Chapter News and Events

At the end of 2015, there were nearly 150 members in the Pocahontas Chapter of the Virginia Master Naturalists. For those of you who were part of the first graduating class in 2009, I hope this gives you a sense of both wonder and pride in the rapid growth and development of our group. As we grow in numbers, our momentum and impact also grows. And this becomes most apparent as we put together the annual report that is submitted to the VMN state coordinator’s office.
Here are some highlights from this year’s (2015) report:
713.5   Total Continuing Education Hours
2,495   Total Volunteer Hours for Stewardship
1,035   Total Volunteer Hours for Education and Outreach
2,611   Total Volunteer Hours for Citizen Science
Nearly 50% of all of reported volunteer hours in all categories were obtained through your participation in chapter projects, helping park staff and assisting with public events at Pocahontas State Park! Further, your dedication to support and maintain this state park during the past year resulted in recognition of the Pocahontas Chapter of Virginia Master Naturalists as the Virginia State Parks “Volunteer Organization of the Year.”
I couldn’t be more proud of this group – I get to hear firsthand from those of you who are passionate about conserving and sustaining our natural resources, and it is wonderful to see that what you do is appreciated by so many. Congratulations to all, and thank you for your dedication and service!
Administration is an increasingly important part of serving our members. In 2015 we logged 1,021 hours for chapter administration. As our 28 new trainees become active in volunteer service and continuing education to reach their certification goal, the board and committees play a key role in guiding them toward existing projects, as well as helping them to develop new ones.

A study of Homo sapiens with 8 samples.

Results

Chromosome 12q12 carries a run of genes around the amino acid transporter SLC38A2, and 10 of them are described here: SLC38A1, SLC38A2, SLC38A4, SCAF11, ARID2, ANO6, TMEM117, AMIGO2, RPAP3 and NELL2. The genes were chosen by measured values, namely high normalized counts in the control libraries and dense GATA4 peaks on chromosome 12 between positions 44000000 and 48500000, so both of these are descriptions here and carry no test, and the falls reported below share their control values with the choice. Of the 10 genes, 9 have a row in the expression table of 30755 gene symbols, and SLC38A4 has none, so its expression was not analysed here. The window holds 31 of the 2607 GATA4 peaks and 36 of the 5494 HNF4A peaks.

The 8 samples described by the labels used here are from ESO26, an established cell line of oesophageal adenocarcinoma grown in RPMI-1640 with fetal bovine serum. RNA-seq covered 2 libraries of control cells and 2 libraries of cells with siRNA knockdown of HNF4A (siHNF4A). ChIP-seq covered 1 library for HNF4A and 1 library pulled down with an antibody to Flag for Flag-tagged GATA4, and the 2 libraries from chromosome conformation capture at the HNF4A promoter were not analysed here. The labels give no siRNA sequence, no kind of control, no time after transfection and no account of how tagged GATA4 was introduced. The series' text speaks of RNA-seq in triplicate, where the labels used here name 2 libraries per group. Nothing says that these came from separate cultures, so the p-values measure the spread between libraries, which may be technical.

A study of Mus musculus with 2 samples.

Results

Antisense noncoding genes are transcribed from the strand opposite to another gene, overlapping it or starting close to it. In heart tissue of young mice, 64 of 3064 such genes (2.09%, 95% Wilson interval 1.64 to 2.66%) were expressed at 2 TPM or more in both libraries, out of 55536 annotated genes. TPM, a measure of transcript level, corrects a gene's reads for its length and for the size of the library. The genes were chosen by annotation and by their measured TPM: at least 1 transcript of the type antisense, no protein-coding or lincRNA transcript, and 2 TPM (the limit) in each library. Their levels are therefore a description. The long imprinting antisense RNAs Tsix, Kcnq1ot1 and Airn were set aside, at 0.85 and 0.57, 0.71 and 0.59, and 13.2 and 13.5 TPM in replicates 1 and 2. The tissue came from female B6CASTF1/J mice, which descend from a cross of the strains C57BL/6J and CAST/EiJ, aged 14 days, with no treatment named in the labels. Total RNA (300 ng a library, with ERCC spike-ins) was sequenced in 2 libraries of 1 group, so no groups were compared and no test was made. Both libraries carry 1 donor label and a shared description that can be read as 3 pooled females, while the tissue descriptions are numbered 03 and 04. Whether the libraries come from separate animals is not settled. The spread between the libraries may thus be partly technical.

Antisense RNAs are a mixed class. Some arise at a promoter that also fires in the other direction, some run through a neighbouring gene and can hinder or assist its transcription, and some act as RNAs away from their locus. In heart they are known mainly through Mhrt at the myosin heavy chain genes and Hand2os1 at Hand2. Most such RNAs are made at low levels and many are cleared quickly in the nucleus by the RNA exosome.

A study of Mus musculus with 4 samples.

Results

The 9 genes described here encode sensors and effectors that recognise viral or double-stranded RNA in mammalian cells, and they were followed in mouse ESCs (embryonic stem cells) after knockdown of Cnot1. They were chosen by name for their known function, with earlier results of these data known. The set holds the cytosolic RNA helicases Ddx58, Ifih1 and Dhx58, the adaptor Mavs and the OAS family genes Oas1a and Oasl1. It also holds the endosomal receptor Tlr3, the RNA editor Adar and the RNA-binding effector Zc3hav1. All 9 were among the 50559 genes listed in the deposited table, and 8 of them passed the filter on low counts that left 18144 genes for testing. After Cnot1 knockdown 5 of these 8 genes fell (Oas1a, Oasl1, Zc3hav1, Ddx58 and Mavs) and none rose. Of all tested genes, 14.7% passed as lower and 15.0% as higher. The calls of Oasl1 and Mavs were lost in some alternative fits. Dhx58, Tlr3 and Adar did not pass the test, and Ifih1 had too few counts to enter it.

Personally, I cannot begin to express the immense gratitude I have for all those who are willing to provide their time to help with the duties of organization, coordination, reporting, accounting, and communication. It’s not always fun – I don’t know if there’s a single person in our group who would prefer a board meeting to a nice hike in the woods – but they take their roles seriously and understand the need to provide leadership.
The Pocahontas Chapter board and committee coordinators are focused on how we can work to support and benefit every member — and the responsibilities are growing along with our membership. I hope that, if you get a call or an email to help support or actively participate on a committee, you will give it serious consideration. There’s a lot of good work going on behind the scenes!
With warmest regards to all, Lesha


On April 26, the Pocahontas Chapter of Virginia Master Naturalists held a graduation celebration for the class of 2016. Members of the class (pictured above) were invited to plant a swamp oak to help recognize the 80th anniversary of the Virginia State Park system.

We are All Beekeepers


Joyce Caldwell (pictured) showed a slide presentation about the types of nests birds make, the variety of nesting materials they use, the challenges they face, and the things each of us can do to help birds "nest in peace." We also had a chance to take a closer look at many actual nests of birds that breed in the Richmond area.
Louise and Earl Woolard, members of the Rockwood Park Backyard Beekeepers, conducted this workshop for anyone concerned about the decline of the bee population (as much as 70% of our food products rely on successful pollination of crops). As their club says, “WE ARE ALL BEEKEEPERS – whether you have a working bee hive, or just maintain a nice flower garden in your yard.” Louise and Earl gave an introduction to backyard beekeeping – the basics of bee anatomy, what equipment is needed, and how to get started with your own hive–if that's something that interests you.  We also learned about bee behavior and which Virginia native plants benefit bees.


BATS! Be Afraid!

Helen Hamilton from the Williamsburg area, presented to 56 attendees (including several of our new class members) on the Fungus Among Us.  We learned all sorts of interesting information on mushrooms and fungi. 
An important comment from Helen (which was perhaps an old Chinese bit of wisdom): "All mushrooms are edible, but some only once!"
(PIctured Kate Conn, Chapter CE Coordinator with Helen Hamilton.)  
It was exciting to have Bonnie Miles (pictured at left), a wildlife rehabiliator and quite an expert on bats, speak with our group in February at Rockwood Park Nature Center. Bonnie's passion, experience and knowledge of bats was obvious as she discussed their value to our ecosystems and presented facts about some of the current threats to bats. Unfortunately, bats are one of the most misunderstood and maligned animals on earth. In fact, they are amazing, unique, and quite adorable. It was an interesting presentation and everyone had a great time.  Ultimately we learned to "be afraid" FOR bats, not OF them!